Church debate on gay clergy

Archbishop Alan Harper
Archbishop Alan Harper

HUNDREDS of senior Church of Ireland members will today begin a two-day debate on the issue some fear could split the church – gay clergy.

The crucial talks, being held in Co Cavan, will bring together about 450 bishops, clergy and senior lay members from opposing wings of the church.

Some believe that same-sex relationships are sinful and shameful while others believe that they should be celebrated and affirmed by the church.

The meeting was called by the church’s bishops last year in an attempt to stop a split over the first civil partnership involving a serving Anglican minister in Ireland.

Dean Tom Gordon’s same-sex union – revealed by the News Letter last September – led to dramatic and highly unusual public calls from conservative members of the church, many of whom are in Northern Ireland, for Dean Gordon and his bishop to be disciplined.

The church said that the conference will be closed to the public and the media “to facilitate a free exchange of views, to encourage respectful listening and at the personal request of some of the contributors” – but that written updates will be issued.

Writing in today’s News Letter, Archbishop Alan Harper says that both wings of the church can listen to and learn from each other during the gathering.

He said that it was “no secret” that Anglicanism across the world had been wrestling with “the significant differences of opinion that exist within and between the Churches of the [Anglican] Communion on the issue of homosexuality”.

He said that the Church of Ireland was not the only denomination “being confronted by the challenge of the interpretation of scripture and tradition in the context of justice, equality and parity of esteem for lesbian and gay people”.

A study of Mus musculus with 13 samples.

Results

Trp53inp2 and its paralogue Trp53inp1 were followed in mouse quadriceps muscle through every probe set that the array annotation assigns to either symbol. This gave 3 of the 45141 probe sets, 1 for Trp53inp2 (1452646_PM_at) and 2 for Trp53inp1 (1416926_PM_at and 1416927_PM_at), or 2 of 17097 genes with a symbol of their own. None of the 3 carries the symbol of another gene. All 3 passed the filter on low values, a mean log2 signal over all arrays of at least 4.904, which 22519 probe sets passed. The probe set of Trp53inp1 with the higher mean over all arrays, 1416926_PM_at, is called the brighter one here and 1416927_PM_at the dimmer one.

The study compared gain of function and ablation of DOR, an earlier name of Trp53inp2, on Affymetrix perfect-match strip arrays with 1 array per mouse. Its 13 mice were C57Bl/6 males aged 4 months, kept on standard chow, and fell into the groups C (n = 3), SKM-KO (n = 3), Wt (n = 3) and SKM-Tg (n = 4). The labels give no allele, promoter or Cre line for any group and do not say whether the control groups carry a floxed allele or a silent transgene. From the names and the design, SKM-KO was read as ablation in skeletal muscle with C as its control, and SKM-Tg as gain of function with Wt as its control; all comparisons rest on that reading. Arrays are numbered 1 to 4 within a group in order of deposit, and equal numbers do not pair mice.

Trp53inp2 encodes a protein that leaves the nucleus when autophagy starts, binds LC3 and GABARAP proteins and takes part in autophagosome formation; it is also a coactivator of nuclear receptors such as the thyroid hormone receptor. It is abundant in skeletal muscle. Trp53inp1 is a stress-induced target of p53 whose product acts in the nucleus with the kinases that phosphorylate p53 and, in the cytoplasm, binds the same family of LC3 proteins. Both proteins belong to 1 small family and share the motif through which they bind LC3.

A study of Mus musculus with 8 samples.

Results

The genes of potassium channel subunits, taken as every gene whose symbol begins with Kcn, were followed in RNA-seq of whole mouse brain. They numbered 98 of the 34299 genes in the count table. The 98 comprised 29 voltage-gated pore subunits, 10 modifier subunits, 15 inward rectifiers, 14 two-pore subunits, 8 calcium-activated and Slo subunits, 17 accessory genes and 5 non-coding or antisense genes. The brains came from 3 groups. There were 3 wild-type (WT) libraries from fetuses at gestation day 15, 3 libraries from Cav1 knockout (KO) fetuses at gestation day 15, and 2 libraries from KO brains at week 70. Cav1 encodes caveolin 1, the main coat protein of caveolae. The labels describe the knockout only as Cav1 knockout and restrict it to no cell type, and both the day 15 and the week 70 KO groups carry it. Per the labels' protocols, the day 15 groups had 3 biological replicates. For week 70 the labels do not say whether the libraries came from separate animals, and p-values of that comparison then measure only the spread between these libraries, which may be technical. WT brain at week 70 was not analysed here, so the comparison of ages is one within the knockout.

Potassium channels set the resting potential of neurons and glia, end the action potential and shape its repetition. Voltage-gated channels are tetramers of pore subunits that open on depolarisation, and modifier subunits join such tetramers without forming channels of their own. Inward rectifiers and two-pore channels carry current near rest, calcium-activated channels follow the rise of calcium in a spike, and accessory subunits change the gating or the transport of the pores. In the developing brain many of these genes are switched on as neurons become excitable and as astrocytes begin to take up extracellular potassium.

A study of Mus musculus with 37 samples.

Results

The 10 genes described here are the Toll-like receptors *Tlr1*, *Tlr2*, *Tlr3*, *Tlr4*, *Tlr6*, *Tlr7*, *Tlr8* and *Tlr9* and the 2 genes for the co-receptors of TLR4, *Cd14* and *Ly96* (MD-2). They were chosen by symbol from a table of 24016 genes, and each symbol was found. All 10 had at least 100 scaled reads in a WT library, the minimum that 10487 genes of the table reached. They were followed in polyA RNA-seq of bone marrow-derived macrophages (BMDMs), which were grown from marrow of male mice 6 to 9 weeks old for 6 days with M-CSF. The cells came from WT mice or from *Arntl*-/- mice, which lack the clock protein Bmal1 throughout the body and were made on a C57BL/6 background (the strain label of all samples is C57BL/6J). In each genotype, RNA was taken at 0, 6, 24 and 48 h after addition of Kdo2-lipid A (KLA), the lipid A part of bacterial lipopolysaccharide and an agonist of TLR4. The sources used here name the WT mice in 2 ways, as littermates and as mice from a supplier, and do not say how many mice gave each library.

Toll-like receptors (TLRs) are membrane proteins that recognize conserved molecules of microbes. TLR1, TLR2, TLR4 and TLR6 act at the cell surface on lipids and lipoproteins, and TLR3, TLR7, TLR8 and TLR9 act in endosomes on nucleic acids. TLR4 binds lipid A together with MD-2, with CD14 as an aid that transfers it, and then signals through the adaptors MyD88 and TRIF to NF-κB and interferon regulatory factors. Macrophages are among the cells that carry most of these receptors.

The primate said that Christians believe heterosexual relationships are “properly affirmed” within the permanent covenant of marriage, which is clearly defined as being “to the exclusion of all others until parted by death” – but that the church had in 1996 accepted the possibility of re-marriage after divorce.

“So why, some might ask, is the issue of sexual orientation and practice so different? Some argue that there are, perhaps, new insights and new understandings in the area of human sexuality which require the church to respond in ways that depart from what has been long established tradition.

“That is the context of today’s conference.”

However, the archbishop made clear that the gathering will not itself have the power to change the church’s rules.

“The event will be a forum for discussion, not a synod for legislation.”

He said that the church’s decision-making General Synod, which meets annually in May, is “likely” to be discussing the same issues.

The church said that it would publish updates of the two-day gathering at the Slieve Russell Hotel in Ballyconnell on the church’s website – – this evening and tomorrow night.

The conference will include round-table discussions; biblical explorations on the Old Testament, the Gospels and texts of St Paul; worship; a “storytelling session where individuals will share from their personal experiences”; and a range of seminars.

The church said the seminars will examine scientific perspectives, parental perspectives, handling conflict in the church, the issue of gay clergy, legal aspects relating to recent legislative changes, pastoral responses to the welcoming of gay people in the church and the theological and hermeneutical background to the issues.